TORONTO - Rob Ford did not officially enter the U.S. when he flew to Chicago last week bound for rehab, reports said Tuesday, but his lawyer insisted "100 per cent" that the Toronto mayor is getting inpatient substance-abuse treatment.
Ford's whereabouts remain a mystery, and lawyer Dennis Morris said they should stay that way.
"The media should, I don't know, put things on pause a little bit," Morris said in an interview. "Let the man do his rehab. Once he gets out we can just see how it worked."
Ford left home last week after announcing he was taking a leave of absence and suspending his re-election campaign to seek "immediate" help for alcohol abuse.
He announced the decision hours after the Globe and Mail reported that a drug dealer had shown two of its reporters video of Ford allegedly smoking what was said to be crack, reportedly recorded days earlier in his sister's basement.
The Toronto Sun also published an audio recording of Ford at a bar making anti-gay remarks, using an ethnic slur, and saying he would like to "jam" rival candidate Karen Stintz.
Morris said at the time that it was not possible to know what was in the pipe seen in stills from the alleged new video.
He also said that the mayor flew to Chicago, but was not in a program in that city.
The Globe and Mail reported Tuesday that when Ford landed in Chicago he voluntarily withdrew his application to enter the country and quoted the consul general of Canada in Chicago as saying Ford "was not denied entry, per se."
Morris refused to say where Ford ended up, but said he is in a treatment facility.
"I can't comment other than saying 100 per cent," Morris said, adding that the mayor is "doing very well."
Ford flew to Chicago on a private flight, so the customs process would have been done in Chicago, rather than pre-clearance in Toronto.
Toronto-based immigration lawyer Evan Green said admissions of drug use — Ford has admitted smoking crack cocaine and using other drugs — can make someone inadmissible to the United States.
Border officers can direct people to a U.S. immigration doctor in Canada who can determine that someone is or isn't a drug abuser, Green said.
There is an exemption for drug users going to the U.S. for rehab, he said.
"They're going to want to know where you're going, how long you're going for, what is the plan, is it a closed or open facility, how is this all working, has it been paid for?" Green said.
"On the face of it, somebody going in to say, 'I'm going to try and figure out where I'm going to rehab,' they would not be admitted. They would be told to get their ducks in a row first and then they can try to get back in."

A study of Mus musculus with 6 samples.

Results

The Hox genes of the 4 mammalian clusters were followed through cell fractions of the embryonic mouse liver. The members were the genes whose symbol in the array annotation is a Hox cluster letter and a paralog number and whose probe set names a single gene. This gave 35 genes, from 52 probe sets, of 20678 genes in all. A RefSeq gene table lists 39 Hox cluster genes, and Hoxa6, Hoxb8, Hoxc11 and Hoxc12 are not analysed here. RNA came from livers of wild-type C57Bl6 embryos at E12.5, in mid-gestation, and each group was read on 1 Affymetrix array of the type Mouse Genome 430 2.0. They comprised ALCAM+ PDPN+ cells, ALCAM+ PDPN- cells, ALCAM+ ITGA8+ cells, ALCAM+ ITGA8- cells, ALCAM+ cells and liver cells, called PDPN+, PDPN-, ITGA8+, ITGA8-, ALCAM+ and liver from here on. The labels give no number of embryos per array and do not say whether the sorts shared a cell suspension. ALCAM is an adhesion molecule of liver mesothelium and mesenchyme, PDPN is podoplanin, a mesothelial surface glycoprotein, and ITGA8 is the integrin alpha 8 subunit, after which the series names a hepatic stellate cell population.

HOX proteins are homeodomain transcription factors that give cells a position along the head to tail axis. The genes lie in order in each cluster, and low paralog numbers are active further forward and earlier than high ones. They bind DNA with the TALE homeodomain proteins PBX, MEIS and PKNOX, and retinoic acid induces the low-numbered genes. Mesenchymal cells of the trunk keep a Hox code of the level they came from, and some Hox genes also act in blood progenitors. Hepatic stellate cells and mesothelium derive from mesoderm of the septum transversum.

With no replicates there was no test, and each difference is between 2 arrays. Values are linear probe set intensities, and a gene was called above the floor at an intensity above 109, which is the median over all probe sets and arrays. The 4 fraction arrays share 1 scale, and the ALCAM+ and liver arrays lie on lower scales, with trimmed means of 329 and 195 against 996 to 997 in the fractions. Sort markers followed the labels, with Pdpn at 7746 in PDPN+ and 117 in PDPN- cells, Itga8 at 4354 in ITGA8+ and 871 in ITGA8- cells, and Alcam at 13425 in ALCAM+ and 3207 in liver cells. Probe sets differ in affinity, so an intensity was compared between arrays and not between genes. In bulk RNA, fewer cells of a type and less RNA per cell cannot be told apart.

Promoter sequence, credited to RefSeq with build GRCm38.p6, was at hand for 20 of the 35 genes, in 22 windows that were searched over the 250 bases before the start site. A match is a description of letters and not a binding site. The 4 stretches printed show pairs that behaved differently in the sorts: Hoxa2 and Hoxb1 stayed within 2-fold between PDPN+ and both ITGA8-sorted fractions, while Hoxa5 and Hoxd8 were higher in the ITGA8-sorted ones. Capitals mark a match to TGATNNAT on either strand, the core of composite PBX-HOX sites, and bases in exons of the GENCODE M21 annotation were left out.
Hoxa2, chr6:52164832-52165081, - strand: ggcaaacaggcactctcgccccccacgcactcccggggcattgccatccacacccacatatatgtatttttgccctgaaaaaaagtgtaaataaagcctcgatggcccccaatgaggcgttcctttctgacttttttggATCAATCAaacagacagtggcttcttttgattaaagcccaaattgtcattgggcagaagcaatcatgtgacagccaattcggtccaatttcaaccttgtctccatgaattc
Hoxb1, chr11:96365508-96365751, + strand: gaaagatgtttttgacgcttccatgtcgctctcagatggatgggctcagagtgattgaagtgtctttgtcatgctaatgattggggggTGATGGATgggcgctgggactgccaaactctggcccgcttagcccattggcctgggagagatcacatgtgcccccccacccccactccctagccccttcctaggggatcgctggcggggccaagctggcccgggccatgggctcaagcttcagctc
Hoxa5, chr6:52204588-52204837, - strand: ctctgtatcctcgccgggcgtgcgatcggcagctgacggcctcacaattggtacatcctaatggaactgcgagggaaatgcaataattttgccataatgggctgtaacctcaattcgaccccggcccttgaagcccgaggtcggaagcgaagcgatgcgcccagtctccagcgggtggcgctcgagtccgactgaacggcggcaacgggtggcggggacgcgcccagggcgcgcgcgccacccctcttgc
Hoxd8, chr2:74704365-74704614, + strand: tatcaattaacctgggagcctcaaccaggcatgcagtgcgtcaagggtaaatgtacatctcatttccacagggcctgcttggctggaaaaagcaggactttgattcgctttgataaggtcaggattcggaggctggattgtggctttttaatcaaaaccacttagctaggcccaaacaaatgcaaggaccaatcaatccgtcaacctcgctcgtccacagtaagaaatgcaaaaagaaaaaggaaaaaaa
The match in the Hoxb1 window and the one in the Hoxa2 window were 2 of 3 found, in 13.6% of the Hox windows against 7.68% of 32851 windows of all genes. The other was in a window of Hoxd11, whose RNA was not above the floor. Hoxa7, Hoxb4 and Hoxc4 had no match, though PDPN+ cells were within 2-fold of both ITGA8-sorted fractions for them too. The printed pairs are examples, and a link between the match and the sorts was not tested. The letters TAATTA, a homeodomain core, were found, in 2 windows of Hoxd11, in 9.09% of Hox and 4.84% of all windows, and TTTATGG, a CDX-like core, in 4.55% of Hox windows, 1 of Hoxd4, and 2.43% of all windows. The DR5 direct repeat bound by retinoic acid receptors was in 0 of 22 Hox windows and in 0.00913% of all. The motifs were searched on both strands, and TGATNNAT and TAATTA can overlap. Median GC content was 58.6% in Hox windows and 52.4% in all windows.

It wouldn't be a formal denial exactly, Green said, but the person would be told they could withdraw their application for admission and go home.
Someone could also withdraw their application before it gets to that stage, Green said.
"If you don't like the questions they're asking and you don't want to answer those questions and you're frustrated you can say, 'You know what? I don't need to go down. I'm not going down. I want to withdraw."
Ford was admitted to the U.S. in March, when he flew to Los Angeles to appear on "Jimmy Kimmel Live." Green said he was surprised the mayor was allowed entry to the country on that occasion.
Canadians have also reported being denied entry to the U.S. because of mental-health issues, such as one woman who said she was turned away because she had been hospitalized for clinical depression.
British celebrity chef Nigella Lawson, who acknowledged last year that she had occasionally used cocaine, was denied permission to board a flight to the U.S. last month.
However, the U.S. embassy did not disclose the reason for refusing Lawson entry.
News that a video appeared to show Ford smoking crack cocaine broke nearly one year ago. When the scandal reared its head anew in November, following Ford's admission that he had smoked the drug, he said he was seeking help from a team of professionals, though did not elaborate other than to say he was exercising.
"I don't think he misled anybody at the time," Morris said Tuesday.
"But it wasn't the extensive help that he's getting now because as you saw, whatever help he received wasn't as inpatient, so now it's different."
Coun. Denzil Minnan-Wong said Tuesday that he briefly spoke with the mayor when Coun. Doug Ford — the mayor's brother — passed him the phone.
"It was a friendly conversation," said Minnan-Wong, by turns a Ford ally and enemy. "He was in good spirits. (He) said he was working out and that he was in rehab."
It seemed as though Ford missed city council and wanted to return, Minnan-Wong said.